THE BEST ROHMER FILM
(5 out of 5 stars)
"This is one of the most insightful films on friendships and love relationships between men and women. It explores being infatuated with someone who you have nothing in common with and being friends with someone who you are not attracted to, and then deciding which is more important: physical attraction or common interests. James Joyce once said that a man and a woman could never be friends because of sex. This film proves him otherwise. I was thinking about this film for a few days after I saw it. Unlike most American movies, this film leaves you with something to think about. I highly recommend anyone to purchase or view this video."
GIVE ME YOURS AND I'LL GIVE YOU MINE
wdanthemanw | Geneva, Switzerland | 05/24/2000
(4 out of 5 stars)
"Another title of the famous " comedies and proverbs " cinematographic cycle of Eric Rohmer is now available in the DVD standard. I don't know whether the literal translation of the french proverb - the friends of my friends are my friends - does ring a bell in english speaking amazonians, but the various scenes of BOYFRIENDS AND GIRLFRIENDS illustrates, in a Rohmerian way of course, this french proverb.So, let's admire one more time the subtle smartness of the dialogs and the actors who don't play a character but create a character by the sole charm of their ingenuousness, helped by a screenplay magistrally written.With Eric Rohmer,Woody Allen and a few others, I know for sure that I'm going to pass a great evening and that I won't regret later these two hours. With years passing by, time becomes more valuable and intellectual pleasure more selective. So let's hope for more Rohmer movies to come.A scene access, subtitles one can't remove and filmographies as bonus features. Images and sound surprisingly good for a Winstar release.A healthy DVD."
A mess of relationships and mistaken situations, that someho
M. B. Alcat | Los Angeles, California | 08/16/2006
(5 out of 5 stars)
""Boyfriends and Girlfriends" (or in its original French title, "L'ami de mon amie", that is, "The friend of my friend") is the sixth film in Eric Rohmer's "Comedies and Proverbs" series, and my favourite so far. This movie is entertaining, and even somewhat funny at times, but it also makes you think about the nature of love, friendship and relationships, giving the spectator food for thought regarding those subjects.
The proverb on which ""Boyfriends and Girlfriends" is based is "Les amis de mes amis sont mes amis" ("the friends of my friends are my friends"). That proverb makes reference to the plot of this movie, something you will only understand fully once you finish watching it. However, I can give you some hints beforehand :)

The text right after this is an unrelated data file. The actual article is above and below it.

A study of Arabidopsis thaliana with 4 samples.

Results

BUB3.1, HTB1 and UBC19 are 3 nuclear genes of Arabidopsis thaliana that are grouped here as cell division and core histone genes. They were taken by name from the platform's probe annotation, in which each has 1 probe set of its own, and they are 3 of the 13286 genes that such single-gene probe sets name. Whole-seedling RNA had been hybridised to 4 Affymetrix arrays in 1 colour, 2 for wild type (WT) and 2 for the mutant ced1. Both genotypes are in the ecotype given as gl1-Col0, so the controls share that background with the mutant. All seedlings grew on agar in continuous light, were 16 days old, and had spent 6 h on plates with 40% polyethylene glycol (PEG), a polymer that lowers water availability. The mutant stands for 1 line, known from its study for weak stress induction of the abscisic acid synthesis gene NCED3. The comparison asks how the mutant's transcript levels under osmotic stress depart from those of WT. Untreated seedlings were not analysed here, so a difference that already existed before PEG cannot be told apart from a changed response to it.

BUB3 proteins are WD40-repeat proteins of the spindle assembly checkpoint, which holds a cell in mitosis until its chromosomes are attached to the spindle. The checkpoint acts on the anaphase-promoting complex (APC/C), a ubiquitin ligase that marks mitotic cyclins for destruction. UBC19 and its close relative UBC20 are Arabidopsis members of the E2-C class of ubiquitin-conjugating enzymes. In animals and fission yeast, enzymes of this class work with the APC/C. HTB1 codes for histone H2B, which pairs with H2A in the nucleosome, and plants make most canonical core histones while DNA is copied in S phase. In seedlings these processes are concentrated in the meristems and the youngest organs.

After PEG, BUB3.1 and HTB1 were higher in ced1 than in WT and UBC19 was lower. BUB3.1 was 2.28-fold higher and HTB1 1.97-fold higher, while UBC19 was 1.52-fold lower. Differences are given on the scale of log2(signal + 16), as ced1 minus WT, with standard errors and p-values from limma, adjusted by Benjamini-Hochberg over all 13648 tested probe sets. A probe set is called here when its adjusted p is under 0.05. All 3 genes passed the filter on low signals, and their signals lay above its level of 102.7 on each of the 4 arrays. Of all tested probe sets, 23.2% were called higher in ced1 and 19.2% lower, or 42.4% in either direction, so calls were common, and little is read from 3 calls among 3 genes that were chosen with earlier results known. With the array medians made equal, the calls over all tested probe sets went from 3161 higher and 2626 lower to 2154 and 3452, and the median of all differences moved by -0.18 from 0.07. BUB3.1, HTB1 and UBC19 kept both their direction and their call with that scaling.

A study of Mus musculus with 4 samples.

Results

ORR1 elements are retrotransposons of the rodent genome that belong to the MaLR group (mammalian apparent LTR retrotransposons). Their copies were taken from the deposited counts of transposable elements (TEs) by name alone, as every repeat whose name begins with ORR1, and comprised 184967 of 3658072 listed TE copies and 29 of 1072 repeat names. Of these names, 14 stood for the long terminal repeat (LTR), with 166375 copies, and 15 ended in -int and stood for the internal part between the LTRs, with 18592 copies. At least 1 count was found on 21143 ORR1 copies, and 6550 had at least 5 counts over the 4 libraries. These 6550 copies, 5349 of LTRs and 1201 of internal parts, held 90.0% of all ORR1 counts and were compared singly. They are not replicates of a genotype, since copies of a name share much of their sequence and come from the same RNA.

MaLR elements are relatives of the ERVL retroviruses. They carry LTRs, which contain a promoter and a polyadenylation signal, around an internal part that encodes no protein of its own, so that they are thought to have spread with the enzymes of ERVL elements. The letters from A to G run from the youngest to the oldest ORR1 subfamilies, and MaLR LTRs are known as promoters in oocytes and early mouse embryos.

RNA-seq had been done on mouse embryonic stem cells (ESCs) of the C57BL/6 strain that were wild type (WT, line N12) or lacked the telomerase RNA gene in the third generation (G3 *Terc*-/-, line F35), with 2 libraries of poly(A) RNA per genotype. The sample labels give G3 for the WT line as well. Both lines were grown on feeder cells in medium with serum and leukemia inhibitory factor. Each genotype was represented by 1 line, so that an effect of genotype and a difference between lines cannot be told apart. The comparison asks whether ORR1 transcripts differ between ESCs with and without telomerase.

The two main characters are Blanche (Emmanuelle Chaulet) and Leah (Sophie Renoir), two very different girls that strike a friendship. Blanche is shy, responsible and quiet, she has no boyfriend but likes Alexandre (François-Eric Gendron), an acquaintance of Leah's boyfriend, Fabien (Eric Viellard). Leah, on the other hand, is an outgoing and unconventional woman, accustomed to doing exactly what she feels like doing. She likes her boyfriend, but doesn't think their relationship will last, because they are too different.
Leah wants to help Blanche to begin a relationship with Alexandre, but Alexandre doesn't seem interested in Blanche, even though he pays a lot of attention to Leah, who happens to be exactly the kind of girl he is fond of. Blanche, on the other hand, slowly but steadily starts to realise that she has a lot in common with Fabien, who seems to like her a lot, even too much, if that is possible.
Do those hints seem interesting? Because, truth to be told, they lead to a mess of relationships and mistaken situations, something that somehow ends turning into an excellent movie, with plenty of the kind of dialogues that make Rohmer's films so unique. In my opinion, this is one of Rohmer's best films, and that is no small feat. Highly recommended!
Engaging comedy by Rohmer
Andres C. Salama | Buenos Aires, Argentina | 12/16/2006
(4 out of 5 stars)
"A young woman, Blanche (the lovely Emmanuelle Chaulet), works in the City Hall of a trendy New Town near Paris (somewhat to his discredit, Rohmer's films tend to occur almost always in middle class and upper middle class milieus, seldom in working class neighborhoods and never in the immigrants building projects). Having recently arrived there, Blanche lives quite a lonely life, until she becomes friends with another young woman, Lea (Sophie Renoir), through which she met her boyfriend Fabien (Eric Viellard), and an acquaintance of the couple, Alexandre (François-Eric Gendron). Basically, the movie follows the time honored plot of exchange of relationships. A is with B, and C with D, but then A will start a liaison with D, which will make C jealous, and would start going with B in revenge and so forth. The title in French is a pun: the boyfriend of my friend would (could) become my boyfriend. Rohmer is known to be a political conservative, but here he is hardly a moralist, since he examines the sexual freedom of today's youth without condemning it. The movie may seem to some to be slow and talky, but these characters are believable and appealing (if somewhat shallow and a bit better looking than ordinary)."